Knec is planning mass cancellation of KCSE exam results in Northern counties, says Garissa Township MP Aden Duale.
Duale said the cancellation is under the guise that the candidates engaged in cheating.
The legislator who spoke during a graduation ceremony of Madarasatul Tawheed Al Islamiya in Korakora town on Sunday, said they will not accept such attempts.
“As leaders we are keenly watching and eagerly waiting for the results before we can take our next course of action,” Duale said.
The KCSE exam ended last Friday. Marking begins this week and results are expected before schools reopen for the new calendar year on April 25.
“We know the statement that was issued last week by the DCI was meant to prepare us for cancellation of our children’s exam.
“We want to tell the government and the Education CS George Magoha that we are prepared to challenge such acts in court, if they end up doing so,” Duale said.
He said he doesn’t understand why Knec would target the region, when exams were being managed by supervisors, invigilators, security officers and other top officials.
Last week, the Directorate of Criminal Investigations identified Garissa, Wajir and Mandera counties in Northeastern as examination cheating hotspots.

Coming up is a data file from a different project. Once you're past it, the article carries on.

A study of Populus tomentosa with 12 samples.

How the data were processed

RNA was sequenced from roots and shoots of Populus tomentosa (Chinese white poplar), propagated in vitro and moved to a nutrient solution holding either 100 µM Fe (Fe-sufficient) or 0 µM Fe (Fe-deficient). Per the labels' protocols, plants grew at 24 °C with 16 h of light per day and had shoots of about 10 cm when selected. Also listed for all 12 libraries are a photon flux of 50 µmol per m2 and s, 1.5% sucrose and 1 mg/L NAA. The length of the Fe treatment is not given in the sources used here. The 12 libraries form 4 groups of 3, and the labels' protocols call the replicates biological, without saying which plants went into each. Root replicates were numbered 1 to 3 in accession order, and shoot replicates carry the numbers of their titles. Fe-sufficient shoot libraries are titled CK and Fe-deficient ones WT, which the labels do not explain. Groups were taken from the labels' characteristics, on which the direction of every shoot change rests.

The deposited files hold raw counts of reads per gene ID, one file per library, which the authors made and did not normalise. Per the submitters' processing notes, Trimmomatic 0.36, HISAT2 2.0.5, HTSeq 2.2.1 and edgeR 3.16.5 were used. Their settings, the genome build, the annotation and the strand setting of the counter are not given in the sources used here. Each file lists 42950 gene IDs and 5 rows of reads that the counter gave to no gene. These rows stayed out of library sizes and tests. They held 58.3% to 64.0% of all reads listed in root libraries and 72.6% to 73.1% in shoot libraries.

Following the announcement, students who sat for the exams and their parents have been unsettled, not knowing what to expect when the results come out.
Findings by the Crime Research and Intelligence Bureau of the DCI show that the region is responsible for the growing cases of illegal exposure of national examination materials.
The probe revealed that almost all KCSE exam materials recovered during a recent crackdown on examination cheats, were impounded in the three counties.
The DCI listed the three counties as notorious for exam leakage following results of a forensic examination on the mobile phones of four students.
The students were arrested on March 20 over their possible involvement in the crime.
Cases of impersonation have also been reported even as sector players fear that Knec and the Ministry of Education may have dropped guard.
Stakeholders have warned that exam cheating will water down gains already made if not checked.